A Ticking Time Bomb

The lack of HIV programming in IDP and migrant communities creates a void of HIV awareness within communities. Over time, the threat of this void increases and ultimately, HIV breakouts are inevitable. In fact, just this year, Borno State in Nigeria was faced with an HIV outbreak in several IDP camps, leading to a state emergency. None of these camps were promoting HIV awareness or health activities. The development community is aware of the dearth of HIV programming for migrant communities. Currently, the focus is to view the situation from a human rights perspective, which includes the right to health. Although true, focusing on HIV programming as a subset of the right to health means that tangible results must wait until a more thorough resolution is found.

A Matter of Global Security

In recent months, the focus of global health funding has been to identify the role of health in national security. I believe the best potential area to focus on the issues affecting migrant communities’ access to HIV programming is through the lens of global health security. Two primary characteristics of IDP and migrant communities are that they are 1) fluid and 2) difficult to identify. The fact that this population is continuously moving makes them particularly difficult to track, and they are often left out of census statistics. HIV poses a threat to the socioeconomic security of a state, and as shown, has a negative effect on health and the economy, devastating a country’s development. The goal of 90/90/90 is to ensure 90 percent of all individuals know their status. If migrant communities are not part of this programming, they are less likely to know their status. Failing to account for this population threatens the goal of 90/90/90 and hinders the reduction of HIV transmission rates.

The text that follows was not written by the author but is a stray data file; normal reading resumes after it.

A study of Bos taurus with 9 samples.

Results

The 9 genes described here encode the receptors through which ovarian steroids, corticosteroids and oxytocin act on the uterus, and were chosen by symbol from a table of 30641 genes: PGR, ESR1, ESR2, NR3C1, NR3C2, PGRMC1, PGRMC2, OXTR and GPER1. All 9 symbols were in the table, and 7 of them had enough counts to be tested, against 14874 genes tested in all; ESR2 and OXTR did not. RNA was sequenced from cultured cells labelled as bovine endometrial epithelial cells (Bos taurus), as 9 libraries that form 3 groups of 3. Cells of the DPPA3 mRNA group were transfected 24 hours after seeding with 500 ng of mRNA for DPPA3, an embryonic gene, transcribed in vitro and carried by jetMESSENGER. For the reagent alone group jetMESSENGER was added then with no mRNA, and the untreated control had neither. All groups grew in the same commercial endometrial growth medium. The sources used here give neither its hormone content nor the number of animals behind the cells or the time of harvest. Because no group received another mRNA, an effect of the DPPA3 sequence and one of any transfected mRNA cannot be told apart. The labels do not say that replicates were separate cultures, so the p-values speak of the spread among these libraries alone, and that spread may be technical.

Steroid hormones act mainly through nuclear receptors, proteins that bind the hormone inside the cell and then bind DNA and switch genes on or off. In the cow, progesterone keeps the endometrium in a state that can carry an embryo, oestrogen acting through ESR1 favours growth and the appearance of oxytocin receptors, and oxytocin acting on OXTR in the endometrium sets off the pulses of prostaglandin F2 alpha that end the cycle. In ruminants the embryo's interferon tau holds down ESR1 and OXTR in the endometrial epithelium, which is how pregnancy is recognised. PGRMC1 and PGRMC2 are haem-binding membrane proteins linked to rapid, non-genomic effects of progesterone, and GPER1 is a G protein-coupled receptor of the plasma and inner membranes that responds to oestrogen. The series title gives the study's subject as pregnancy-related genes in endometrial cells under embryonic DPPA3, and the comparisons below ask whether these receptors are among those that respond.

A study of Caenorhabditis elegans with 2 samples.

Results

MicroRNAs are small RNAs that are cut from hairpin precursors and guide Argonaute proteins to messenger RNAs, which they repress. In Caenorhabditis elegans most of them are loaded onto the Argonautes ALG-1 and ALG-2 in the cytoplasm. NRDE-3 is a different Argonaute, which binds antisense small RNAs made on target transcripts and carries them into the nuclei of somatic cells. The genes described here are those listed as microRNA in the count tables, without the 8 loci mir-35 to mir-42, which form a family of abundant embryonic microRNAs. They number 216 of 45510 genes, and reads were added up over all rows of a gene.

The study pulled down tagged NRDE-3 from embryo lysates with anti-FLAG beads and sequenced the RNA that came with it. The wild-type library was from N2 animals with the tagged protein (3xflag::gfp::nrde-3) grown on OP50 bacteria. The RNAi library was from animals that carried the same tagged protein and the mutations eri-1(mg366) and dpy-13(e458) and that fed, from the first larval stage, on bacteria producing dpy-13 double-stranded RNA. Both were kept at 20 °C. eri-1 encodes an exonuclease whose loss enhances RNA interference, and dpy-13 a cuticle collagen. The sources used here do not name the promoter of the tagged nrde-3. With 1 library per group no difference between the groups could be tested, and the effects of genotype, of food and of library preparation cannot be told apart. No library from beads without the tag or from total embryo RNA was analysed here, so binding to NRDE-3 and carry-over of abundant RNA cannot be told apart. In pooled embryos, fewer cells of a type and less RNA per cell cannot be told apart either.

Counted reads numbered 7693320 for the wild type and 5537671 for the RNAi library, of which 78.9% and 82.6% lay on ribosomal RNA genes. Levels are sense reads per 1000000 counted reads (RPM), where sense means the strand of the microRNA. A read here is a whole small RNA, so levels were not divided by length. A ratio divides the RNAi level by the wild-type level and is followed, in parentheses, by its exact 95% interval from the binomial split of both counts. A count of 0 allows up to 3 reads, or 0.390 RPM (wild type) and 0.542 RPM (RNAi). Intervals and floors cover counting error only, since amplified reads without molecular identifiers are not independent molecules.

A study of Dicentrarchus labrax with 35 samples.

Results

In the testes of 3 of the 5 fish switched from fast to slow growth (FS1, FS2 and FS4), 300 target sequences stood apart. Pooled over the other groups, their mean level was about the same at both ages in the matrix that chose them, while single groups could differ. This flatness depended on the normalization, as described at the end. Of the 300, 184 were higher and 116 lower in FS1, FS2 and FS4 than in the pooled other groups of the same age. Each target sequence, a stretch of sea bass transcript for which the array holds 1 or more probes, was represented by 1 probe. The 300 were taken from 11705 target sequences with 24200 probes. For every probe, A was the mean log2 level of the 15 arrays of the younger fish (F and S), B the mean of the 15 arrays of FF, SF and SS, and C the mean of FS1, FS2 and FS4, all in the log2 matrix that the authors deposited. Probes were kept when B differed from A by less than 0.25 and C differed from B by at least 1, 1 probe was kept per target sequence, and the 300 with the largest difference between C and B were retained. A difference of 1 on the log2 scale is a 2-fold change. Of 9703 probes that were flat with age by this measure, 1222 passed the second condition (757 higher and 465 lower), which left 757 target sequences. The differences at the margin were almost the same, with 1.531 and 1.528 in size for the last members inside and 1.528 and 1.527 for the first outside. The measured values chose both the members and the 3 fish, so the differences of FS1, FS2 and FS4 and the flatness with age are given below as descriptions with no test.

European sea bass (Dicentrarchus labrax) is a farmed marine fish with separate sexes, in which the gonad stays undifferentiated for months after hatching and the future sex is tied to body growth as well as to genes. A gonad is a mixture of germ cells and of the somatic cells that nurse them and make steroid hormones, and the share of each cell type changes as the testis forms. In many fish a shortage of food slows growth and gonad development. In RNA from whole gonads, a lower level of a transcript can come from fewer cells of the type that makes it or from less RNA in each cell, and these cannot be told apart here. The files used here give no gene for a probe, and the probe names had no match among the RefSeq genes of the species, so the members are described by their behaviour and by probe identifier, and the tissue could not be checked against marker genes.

Generally, national and international assistance for HIV programming does not discriminate in the target audience; however, this programming can be caught up in political dialogue, ill-informed donors, and general lack of awareness. Organizations like IOM realize there is a vacuum of programming for these marginalized communities. However, there is also a lack of statistics and awareness surrounding their plight.

What the Development Community Can Do

The global development community needs to better understand and study the plight of IDP and migrant communities in the fight against HIV. There is a lack of statistics on transmission rates, which are difficult to record in transient communities. The international community must utilize targeted research to bolster arguments to host countries and donors that these communities are under-supported and require assistance. Statistics showing the threat this issue has on a nation’s health security would be a viable method. Host governments must do a better job at affirming and publicizing these migrant communities so more accurate analysis can occur. It is apparent that the current situation is in a fragile state and that it threatens to erode the gains made in the battle against HIV/AIDS. By excluding these marginalized communities from health programming, host countries are hindering their total health security profile and potentially hindering their own growth.